Seahawks offense: Who stays, who goes?

Jan 31, 2011, 10:42 PM | Updated: Apr 4, 2011, 7:52 pm

By Mike Salk and Brock Huard

In most normal offseasons, it’s easy to draw up a list of the free agents and signed players and just figure out who you would like to see re-signed, cut, let go, and kept around. Of course, this is no regular offseason. No one knows how the potential lockout could affect teams’ plans and no one knows what the rules will be when free agency finally begins. That said, we do know which Seahawks played well enough this season to deserve employment here again and which ones played their way out of our desired roster. This list attempts to sum up those general feelings. We were amazed at how many players on which we agreed. There were virtually no arguments in putting this list together.

For the purpose of this post, we are going to leave Matt Hasselbeck out of the discussion. Brock already wrote his thoughts on Hasselbeck’s future last week. Something also tells us that argument isn’t going to end anytime soon.

We will examine the offense today. We’ll consider the defense on Thursday.



Charlie Whitehurst – upgrade

J.P. Losman – cut

Whitehurst is potentially a capable backup, but he is getting paid a fair amount of money to fit that role and he does not appear to be a viable quarterback of the future. We would try to restructure his contract to better reflect his new role. Losman is not part of the future. If the team re-signs Hasselbeck, that spot should be reserved for a project (like Colin Kaepernick or Pat Devlin). If Hasselbeck is let go in favor of a potential young franchise quarterback, that spot would probably be best served by someone with experience.

Running Backs

Marshawn Lynch – keep

Justin Forsett – keep

Leon Washington – re-sign

Michel Robinson – let walk

The Seahawks have put together a qualified stable of running backs that compliment each other well. Lynch showed he is capable of shouldering the load; Forsett is a nifty change of pace; Washington fills so many roles on special teams and provides depth at running back. Lynch and Forsett are under contract at the right price, but Washington might attract interest from around the league, especially since he stayed healthy and repeatedly changed field position. This is a deep running back draft, and a mid to late round pick will push Forsett for his job.

Robinson, unfortunately, is replaceable. There are plenty of fullbacks who are better blockers, though his special teams play has value.


Wide Receivers

Mike Williams – keep, upgrade

Ben Obomanu – keep, upgrade

Deon Butler – upgrade

Golden Tate – keep

Brandon Stokley – let walk

Ruvell Martin – let walk

The team already invested in Williams and Obomanu, who probably fit best on a contending team as #2 and #4 receiver. They invested a second round pick in Tate who they hope will develop into a #3 – he probably deserves one more year of evaluation. That means, however, that they are still lacking that #1 threat. In order to make room, it probably eliminates the space for Stokley or Martin. Butler is the trickiest question. He was not drafted by this regime and has yet to show premier ability/production. He could be a candidate to find employment elsewhere.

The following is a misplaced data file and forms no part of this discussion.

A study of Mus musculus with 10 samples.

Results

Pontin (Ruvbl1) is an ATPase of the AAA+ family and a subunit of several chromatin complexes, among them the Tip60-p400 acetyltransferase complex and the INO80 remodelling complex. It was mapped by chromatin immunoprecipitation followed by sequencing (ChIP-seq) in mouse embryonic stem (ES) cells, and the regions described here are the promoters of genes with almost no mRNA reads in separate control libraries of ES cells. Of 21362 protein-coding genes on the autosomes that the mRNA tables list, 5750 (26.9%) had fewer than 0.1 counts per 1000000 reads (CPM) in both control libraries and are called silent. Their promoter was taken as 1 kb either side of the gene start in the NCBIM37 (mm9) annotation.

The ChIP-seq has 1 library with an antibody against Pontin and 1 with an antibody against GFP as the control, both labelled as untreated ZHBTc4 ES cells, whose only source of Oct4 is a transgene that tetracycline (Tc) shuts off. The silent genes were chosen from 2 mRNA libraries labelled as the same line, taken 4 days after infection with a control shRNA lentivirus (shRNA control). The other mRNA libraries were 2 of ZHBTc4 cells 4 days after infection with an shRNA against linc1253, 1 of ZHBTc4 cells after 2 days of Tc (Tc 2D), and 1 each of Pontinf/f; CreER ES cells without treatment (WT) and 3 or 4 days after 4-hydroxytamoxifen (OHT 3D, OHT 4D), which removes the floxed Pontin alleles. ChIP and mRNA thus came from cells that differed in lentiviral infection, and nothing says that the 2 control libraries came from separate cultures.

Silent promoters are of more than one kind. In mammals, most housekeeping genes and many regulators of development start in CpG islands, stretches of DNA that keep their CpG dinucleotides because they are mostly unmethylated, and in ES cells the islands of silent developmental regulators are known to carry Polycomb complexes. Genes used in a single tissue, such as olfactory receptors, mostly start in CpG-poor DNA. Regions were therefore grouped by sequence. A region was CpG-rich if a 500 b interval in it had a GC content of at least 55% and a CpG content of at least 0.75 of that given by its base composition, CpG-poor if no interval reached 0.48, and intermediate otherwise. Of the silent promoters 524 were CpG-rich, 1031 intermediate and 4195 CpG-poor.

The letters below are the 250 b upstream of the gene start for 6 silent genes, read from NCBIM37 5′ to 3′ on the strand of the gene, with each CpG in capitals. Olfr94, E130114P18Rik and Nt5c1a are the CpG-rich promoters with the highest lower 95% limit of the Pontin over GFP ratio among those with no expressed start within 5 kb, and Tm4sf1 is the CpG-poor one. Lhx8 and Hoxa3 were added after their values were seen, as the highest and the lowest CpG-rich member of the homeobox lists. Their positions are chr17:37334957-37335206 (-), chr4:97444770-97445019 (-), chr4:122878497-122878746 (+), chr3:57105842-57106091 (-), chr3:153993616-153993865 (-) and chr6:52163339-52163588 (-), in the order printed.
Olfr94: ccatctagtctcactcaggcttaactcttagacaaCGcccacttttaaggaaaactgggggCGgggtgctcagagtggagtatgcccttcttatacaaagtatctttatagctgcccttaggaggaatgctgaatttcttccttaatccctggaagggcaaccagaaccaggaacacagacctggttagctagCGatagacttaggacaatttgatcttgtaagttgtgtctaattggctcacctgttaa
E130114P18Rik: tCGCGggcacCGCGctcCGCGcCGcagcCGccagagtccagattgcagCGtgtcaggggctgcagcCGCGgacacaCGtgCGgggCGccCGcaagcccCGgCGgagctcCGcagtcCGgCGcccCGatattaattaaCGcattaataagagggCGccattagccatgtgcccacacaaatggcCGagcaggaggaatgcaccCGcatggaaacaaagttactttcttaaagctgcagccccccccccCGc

Tight ends

John Carlson – upgrade

Chris Baker – let walk

Cameron Morrah – upgrade

Anthony McCoy – ???

Carlson has struggled to live up to the hype but that doesn’t mean he doesn’t have a role in a prolific offense. Tight ends are in vogue right now (look at how the Patriots used three, the Saints used two, etc.). Carlson could be a useful piece if he were not expected to play a huge role in the running game and was not expected to be a primary option. If you could draft/sign a premier tight end, Carlson could slide into the secondary role. Then Baker or Morrah fit as a third option. Where does that leave McCoy? He is virtually an unknown because of his injury issues in 2010. The team took a flier on him in the sixth round, and if he can’t stay fit and healthy, he won’t be around.


Offensive Line

Russell Okung – keep

Tyler Polumbus – keep/upgrade

Chris Spencer – let walk/upgrade

Stacy Andrews – restructure

Sean Locklear – let walk

Max Unger – keep

Ray Willis – let walk

Chester Pitts – let walk

Mike Gibson – cut/upgrade

A few of these are easy choices. Okung is the foundation. Unger has potential at two positions. They appear to be part of the future for this line. Willis and Pitts are on their last legs physically.

Polumbus showed he could play guard and he has always been a tackle. That depth is always enormously important and could be his ticket to stick around, though he wouldn’t start in a perfect world. Spencer also has some flexibility in that he can play any of the three interior positions. If he was willing to take a depth position, he could be a fit. But it’s hard to see wanting him back for starting money.

Sean Locklear has simply run out of options.

Andrews is a question mark. How did we lose sight of him and where did he go? He seemingly disappeared down the stretch for Mike Gibson, and that is a difficult career move at this stage. Tom Cable likes size though, and if the team could work out a deal for the league minimum, Andrews could return.

Mike Gibson is just another guy, and under-sized too. He will have an uphill climb in Cable’s system, but he did prove his toughness and versatility down the stretch this season.